Mumbai: 20-member delegation team from US gets a glimpse of Gandhian thought

Updated: Sep 29, 2018, 15:51 IST | Hemal Ashar

Police personnel from New York, Miami, Los Angeles in city get a glimpse of Gandhian thought at Mani Bhavan

Mumbai: 20-member delegation team from US gets a glimpse of Gandhian thought
Frank Straub captures Gandhi for posterity. Pic/Bipin Kokate

As October 2 comes closer, an old, bald man with round rimmed spectacles perched on the nose, jumps out of our currency notes and into our consciousness. Gandhi Jayanti is around the corner. Mahatma Gandhi and his philosophy of Ahimsa is in the spotlight.

On Friday afternoon, a delegation of members from the US police foundation, the New York Police Department (NYPD), Los Angeles Police Department (LAPD) Miami police and several other law enforcement officials visited, "the home of Gandhi."

The approximately 20-strong delegation is in India to participate in the world summit on countering violence and extremism, by the Art of Living Foundation (AOL). One stop on their itinerary was Mani Bhavan at SoBo's Laburnum Road, significant in Mahatma Gandhi's Indian freedom struggle and archive of Gandhi's life.

Terror survivors
The cops, many of them so well built that they could fill up a Mani Bhavan room with their presence, strode in the steps of Martin Luther King. King, who was hugely influenced by Gandhi, had visited Mani Bhavan 60 years ago.

"I am no Martin Luther King and I am not here to change the world," laughed Frank Straub, Director, Strategic Studies & Center for Mass Violence Response Studies.
Straub should know about violence. He is, after all, a 9/11 survivor. He witnessed a plane crashing into the first tower in New York. When the second tower collapsed, "I was directly underneath the tower. I hid under a fighter truck and I survived, the man running behind me did not," he said. With that, all those accounts of 9/11, the still surreal scene of planes plowing into the towers became all too real.

Peace ambassadors
As the delegates walked through Mani Bhavan, photographers rushed towards Straub and 26/11 survivor, Dilip Mehta, having a conversation. It was a Kodak moment, two survivors exchanging views. Mehta said, "I am living a second life. I was in the Taj Mahal hotel on the 21st floor when terror hit Mumbai. I am getting emotional."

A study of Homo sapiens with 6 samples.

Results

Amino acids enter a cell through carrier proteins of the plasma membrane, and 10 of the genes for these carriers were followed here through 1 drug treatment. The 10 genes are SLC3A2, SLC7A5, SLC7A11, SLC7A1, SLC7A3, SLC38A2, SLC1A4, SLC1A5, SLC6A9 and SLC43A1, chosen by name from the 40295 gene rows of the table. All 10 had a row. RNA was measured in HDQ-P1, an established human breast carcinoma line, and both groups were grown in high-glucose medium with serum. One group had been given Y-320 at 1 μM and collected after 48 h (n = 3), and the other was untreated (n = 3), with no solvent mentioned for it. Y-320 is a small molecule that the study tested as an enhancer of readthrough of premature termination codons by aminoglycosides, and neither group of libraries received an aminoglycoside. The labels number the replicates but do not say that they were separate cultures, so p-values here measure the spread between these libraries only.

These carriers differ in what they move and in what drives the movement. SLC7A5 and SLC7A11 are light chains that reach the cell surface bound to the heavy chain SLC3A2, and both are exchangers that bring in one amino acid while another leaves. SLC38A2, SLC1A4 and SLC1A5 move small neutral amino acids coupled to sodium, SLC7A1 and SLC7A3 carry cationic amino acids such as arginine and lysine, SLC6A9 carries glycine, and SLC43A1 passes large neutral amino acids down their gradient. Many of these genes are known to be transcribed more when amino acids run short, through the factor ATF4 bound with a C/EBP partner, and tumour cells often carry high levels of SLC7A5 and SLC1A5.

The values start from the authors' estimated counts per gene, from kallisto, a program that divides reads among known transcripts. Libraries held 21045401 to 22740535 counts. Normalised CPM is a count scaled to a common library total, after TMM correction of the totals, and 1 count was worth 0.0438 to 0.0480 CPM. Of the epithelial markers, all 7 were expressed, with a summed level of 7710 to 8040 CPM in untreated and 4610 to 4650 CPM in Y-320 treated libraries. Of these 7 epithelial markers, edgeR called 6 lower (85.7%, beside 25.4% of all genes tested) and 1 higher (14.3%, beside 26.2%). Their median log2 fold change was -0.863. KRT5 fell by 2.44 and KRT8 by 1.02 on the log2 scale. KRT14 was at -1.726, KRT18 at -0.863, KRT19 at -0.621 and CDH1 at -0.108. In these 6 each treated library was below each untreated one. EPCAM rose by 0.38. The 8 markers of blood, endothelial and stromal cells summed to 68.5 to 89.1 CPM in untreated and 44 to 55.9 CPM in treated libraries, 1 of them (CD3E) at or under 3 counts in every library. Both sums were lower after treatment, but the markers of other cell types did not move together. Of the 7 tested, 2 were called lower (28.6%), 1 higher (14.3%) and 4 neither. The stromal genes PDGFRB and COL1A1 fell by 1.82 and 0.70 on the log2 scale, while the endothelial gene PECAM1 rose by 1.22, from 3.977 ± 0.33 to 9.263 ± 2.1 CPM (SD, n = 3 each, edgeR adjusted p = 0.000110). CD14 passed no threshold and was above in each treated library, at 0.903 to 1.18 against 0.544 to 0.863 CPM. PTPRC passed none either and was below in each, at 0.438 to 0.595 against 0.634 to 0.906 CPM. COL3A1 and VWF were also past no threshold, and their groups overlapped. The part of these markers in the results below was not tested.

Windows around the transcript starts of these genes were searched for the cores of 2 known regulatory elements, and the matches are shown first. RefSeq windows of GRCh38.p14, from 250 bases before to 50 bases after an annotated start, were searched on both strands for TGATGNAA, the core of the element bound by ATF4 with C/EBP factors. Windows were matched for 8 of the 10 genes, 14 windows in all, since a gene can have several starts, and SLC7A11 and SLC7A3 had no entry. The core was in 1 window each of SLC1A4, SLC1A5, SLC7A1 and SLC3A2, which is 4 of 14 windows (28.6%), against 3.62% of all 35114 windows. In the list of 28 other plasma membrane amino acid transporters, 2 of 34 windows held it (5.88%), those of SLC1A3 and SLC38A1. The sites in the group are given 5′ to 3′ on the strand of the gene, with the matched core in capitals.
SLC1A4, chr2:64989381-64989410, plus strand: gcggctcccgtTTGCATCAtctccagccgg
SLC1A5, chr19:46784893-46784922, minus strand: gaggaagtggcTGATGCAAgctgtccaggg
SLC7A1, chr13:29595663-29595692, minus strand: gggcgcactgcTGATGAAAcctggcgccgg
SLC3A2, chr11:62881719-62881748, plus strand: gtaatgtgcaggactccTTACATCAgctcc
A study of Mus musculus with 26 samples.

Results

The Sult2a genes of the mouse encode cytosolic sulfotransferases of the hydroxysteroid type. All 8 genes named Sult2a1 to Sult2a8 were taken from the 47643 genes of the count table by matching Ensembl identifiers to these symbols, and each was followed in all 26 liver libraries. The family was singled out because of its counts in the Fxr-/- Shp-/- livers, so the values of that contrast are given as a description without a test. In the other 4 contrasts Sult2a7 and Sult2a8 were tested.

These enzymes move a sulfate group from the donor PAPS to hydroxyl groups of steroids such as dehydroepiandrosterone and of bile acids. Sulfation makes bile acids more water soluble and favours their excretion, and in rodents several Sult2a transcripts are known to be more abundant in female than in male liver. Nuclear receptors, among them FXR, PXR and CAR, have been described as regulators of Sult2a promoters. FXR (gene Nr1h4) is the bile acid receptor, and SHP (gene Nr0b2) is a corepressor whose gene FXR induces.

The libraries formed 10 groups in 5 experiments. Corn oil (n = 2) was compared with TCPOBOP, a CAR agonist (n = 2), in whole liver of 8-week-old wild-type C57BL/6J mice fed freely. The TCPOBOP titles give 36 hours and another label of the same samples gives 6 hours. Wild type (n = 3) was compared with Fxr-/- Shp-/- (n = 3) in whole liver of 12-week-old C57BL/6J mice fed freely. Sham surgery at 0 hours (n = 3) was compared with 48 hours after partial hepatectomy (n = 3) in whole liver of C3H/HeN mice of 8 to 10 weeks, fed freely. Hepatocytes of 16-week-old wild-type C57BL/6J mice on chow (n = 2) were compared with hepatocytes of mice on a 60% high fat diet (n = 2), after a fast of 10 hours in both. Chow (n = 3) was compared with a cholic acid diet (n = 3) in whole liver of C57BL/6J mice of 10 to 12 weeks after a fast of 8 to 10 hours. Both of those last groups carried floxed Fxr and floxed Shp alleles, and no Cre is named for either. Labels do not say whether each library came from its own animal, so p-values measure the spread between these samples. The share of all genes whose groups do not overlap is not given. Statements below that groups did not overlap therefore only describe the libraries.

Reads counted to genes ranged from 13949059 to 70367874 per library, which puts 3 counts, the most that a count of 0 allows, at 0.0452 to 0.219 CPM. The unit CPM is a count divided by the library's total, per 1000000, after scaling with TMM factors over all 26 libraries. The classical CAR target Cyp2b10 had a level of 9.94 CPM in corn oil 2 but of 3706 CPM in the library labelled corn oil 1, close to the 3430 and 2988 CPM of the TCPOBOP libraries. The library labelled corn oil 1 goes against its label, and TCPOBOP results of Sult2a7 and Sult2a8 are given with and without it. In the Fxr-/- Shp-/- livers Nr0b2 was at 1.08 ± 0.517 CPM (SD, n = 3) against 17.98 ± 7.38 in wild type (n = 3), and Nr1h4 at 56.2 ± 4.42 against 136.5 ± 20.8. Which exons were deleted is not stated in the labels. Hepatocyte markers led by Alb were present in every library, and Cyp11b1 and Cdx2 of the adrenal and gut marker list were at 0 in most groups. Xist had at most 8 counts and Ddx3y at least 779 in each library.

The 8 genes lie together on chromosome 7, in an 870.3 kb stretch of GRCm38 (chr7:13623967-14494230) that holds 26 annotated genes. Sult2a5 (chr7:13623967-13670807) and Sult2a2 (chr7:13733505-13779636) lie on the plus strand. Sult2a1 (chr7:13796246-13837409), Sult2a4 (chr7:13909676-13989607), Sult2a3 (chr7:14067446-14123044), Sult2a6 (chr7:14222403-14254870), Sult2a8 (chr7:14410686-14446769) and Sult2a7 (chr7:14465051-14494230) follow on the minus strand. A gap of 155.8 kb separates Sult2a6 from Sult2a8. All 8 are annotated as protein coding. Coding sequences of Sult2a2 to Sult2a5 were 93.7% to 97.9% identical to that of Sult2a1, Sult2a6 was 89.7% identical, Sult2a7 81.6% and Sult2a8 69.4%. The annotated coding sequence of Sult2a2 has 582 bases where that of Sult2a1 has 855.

Coordinator Mandar Apte, from the Business of Peace Innovation Lab in Washington DC said it was important, "for this delegation to become ambassadors of non-violence. We are going to Bangalore from here and Indian police will exchange views with the US police. Both sides will take away a lot from the cross cultural exchange." Straub ended, "We saw the worst of evil in India and the US. We need to develop a narrative to counterbalance those forces of evil."

Profound thoughts
The group watched a film on Gandhi, after which we saw them file out of Mani Bhavan, some stoically ready to face the heat outside, others looking pensive, perhaps mulling about Gandhian thought.

Julie Noni, senior head officer with the LAPD, called her visit, "intriguing. In the US, I am looking outside of myself for answers. Here, I am being taught to look inside."

When Larry Juriga, Chief of Police (North Miami), was asked about gun violence in the USA, he said, "Gun violence is part of all violence. Today, as I stand in the home of an apostle of peace, the lingo has changed. Our language as cops is usually guns, tasers and handcuffs. That lexicon should be compassion, empathy and de-escalation."

The group which is in India till September 30, will now leave for Bangalore. They will be part of a collective gathering brainstorming solutions to modern day conflicts through Gandhian principles of non-violence, at the AOL Center in India's Garden City.